The California Public Utilities Commission Thursday approved elements of a deal to rescue Southern California Edison Co. from potential bankruptcy, but delayed action on one of the most controversial provisions until later in the month.
The PUC postponed until 2003 the utility’s general rate case and extended its performance-based procedures for setting rates until they are superseded by decision on the general rate case. Regulators also modified a revenue sharing agreement with respect to Southern California Edison’s interest in the San Onofre nuclear plant.
But the PUC delayed voting on findings of an investigation into the relationship between the utility and its parent Edison International. Southern California Edison wants certain findings from the case included in the so-called memorandum of understanding (MOU) the company signed with Gov. Gray Davis.
The PUC opened the investigation into the relationship between Southern California Edison and Edison, Rosemead, and Pacific Gas & Electric Co., San Francisco, and San Diego Gas & Electric Co., San Diego, and their respective holding companies, after a report which found the parent companies held billions of dollars while the utilities were struggling financially.
Each of the holding companies has rejected the PUC’s claims it has jurisdiction over them. The PUC has denied their arguments in a draft order, but commissioners haven’t voted on it.
Southern California Edison Co. and Gov. Gray Davis signed the MOU Apr. 9 under which the state will effectively bail out the utility by, among other things, buying its transmission system for $2.76 billion. The utility would also sell bonds to pay off $3.5 billion in wholesale electricity debt accumulated because the company could not pass on the full cost of power under a retail rate freeze.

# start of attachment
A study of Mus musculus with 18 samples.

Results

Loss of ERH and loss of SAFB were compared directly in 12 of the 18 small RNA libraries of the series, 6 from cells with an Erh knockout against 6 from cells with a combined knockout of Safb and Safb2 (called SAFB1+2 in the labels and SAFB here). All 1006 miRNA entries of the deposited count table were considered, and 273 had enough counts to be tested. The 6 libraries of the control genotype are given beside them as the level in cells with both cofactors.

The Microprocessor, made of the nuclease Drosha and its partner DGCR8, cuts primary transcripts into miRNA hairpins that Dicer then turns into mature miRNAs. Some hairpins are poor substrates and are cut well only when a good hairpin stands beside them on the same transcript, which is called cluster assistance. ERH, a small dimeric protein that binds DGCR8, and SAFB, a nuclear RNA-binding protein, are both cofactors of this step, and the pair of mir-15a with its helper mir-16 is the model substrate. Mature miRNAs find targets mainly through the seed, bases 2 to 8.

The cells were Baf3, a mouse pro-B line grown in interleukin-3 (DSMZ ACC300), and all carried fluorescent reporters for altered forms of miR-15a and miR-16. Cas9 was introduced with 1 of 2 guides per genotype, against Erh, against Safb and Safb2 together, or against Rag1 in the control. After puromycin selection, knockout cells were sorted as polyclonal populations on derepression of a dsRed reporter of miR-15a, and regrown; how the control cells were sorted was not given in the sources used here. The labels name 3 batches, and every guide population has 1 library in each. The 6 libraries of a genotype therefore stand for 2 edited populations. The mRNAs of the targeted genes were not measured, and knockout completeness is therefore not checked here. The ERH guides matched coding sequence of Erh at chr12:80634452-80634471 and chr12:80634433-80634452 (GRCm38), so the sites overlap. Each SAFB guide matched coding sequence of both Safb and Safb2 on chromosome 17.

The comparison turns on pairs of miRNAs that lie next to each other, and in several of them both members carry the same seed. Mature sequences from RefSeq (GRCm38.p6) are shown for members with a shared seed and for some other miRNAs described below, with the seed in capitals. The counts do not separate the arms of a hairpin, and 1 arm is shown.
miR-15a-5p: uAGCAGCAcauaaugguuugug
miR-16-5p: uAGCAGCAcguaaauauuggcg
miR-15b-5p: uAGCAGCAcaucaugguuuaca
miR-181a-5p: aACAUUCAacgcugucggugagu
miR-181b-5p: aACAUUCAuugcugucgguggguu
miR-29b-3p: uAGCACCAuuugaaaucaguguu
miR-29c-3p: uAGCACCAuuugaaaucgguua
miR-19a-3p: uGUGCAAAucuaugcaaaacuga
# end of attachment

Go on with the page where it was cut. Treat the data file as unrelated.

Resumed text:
In addition to action by the PUC, the MOU calls for the state legislature to adopt certain provisions by early August. But lawmakers have been dragging their heels and Davis has had difficulty finding a sponsor for the measure.
During a Wednesday press conference, the governor said he was meeting with state senate and house leaders to discuss the proposed legislation. “Hopefully, we can make progress on some form of an MOU with Edison, which will then be a template for resolving PG&E’s dispute with its creditors,” he said.
MOU legislation needed
After a meeting with 11 legislators, Davis said at least half of them seemed to understand the importance of ratifying the MOU or something close to it, so the state can get back to doing things other than “basically running a utility company, which has been the case for at least 7 or 8 months.”
The governor said he had no objections to an alternative plan, “if it can muster a consensus” and is acceptable to Edison and “to me. In the meantime, we need to show movement. To do that we have to have a hearing on the Edison MOU and move that bill.”
Davis said the patience of the creditors is wearing “very thin,” and Edison is taking steps similar to ones taken by PG&E to fence off assets of its parent company.
Moreover, Davis and his aide Richard Katz said a deal cut with small generators known as “qualifying facilities” or QFs turns on obtaining legislative approval of the Edison deal. Southern California Edison and Pacific Gas & Electric buy electricity under contract from the QFs. After the utilities halted payment to the QFs, many stopped producing power.
Subsequently, the PUC ordered the utilities to begin paying the QFs for future deliveries. Wednesday the PUC ordered Southern California Edison Co. to make back payments of 15% of what it owes the QFs, if the companies can prove financial hardship. As part of the deal, Katz said the parties agreed to a gas price of $5.37/MMbtu, but the price is not effective until the legislature passes the MOU.